Japanese Management: International perspectives - Routledge Frontiers of Business Management (Hardback)Hitoshi Iwashita (author)
In doing so, the book defines cultural space through an institutional logic approach. It argues that logics are culturally interpreted, which can impose a serious limitation on the institutional logic approach based on the analysis of Western society. It reveals that Japanese `family' logics and Theravada Buddhism in Asia are strengthening each other and this directly supports the presupposition of amplification. It further elaborates on the ongoing constellations of logics that are continuously formed in relation to geographical contexts. The book also explains that the boundaries of organisational communities are not automatically formed by Japanese expatriates but constructed through actors' profiles, which, in turn, raises their importance.
Therefore, this book is a must-read for researchers, managers and anyone interested in Japanese MNCs.
Publisher: Taylor & Francis Ltd
Number of pages: 160
Weight: 363 g
Dimensions: 235 x 159 x 15 mm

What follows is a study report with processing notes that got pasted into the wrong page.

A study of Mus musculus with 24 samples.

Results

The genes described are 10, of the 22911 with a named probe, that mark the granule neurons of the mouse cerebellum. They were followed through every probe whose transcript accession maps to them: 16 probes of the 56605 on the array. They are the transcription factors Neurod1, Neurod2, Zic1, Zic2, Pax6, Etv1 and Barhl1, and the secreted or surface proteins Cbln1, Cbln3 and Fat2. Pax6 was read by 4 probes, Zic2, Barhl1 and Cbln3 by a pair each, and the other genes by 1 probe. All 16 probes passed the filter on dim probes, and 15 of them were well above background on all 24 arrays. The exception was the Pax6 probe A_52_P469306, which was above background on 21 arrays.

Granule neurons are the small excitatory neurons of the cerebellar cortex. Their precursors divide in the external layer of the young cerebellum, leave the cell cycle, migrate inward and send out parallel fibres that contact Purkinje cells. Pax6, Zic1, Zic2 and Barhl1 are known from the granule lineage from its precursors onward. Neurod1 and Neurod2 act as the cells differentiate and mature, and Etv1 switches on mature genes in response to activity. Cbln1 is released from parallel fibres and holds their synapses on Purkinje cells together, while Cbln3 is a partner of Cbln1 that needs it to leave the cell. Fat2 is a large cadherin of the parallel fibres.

`This book examines Japanese multinational subsidiaries as hybrid forms of organisation, bridging national institutional contexts and cultures. Taking an ethnographic approach his study helps us with two important challenges: to reduce the artificial analytical boundary between the firm and its context, and to move from simple stereotypes to more nuanced characterisations of national and corporate cultures. This book is thoughtful, insightful and unashamedly personal. In keeping with the opening quote of the book by Edward T. Hall the reader comes away with a strong sense that the author has learnt more about his own culture through his reflections about others.' - Simon Collinson, Professor of International Business and Innovation, Dean, Birmingham Business School, University of Birmingham, U.K.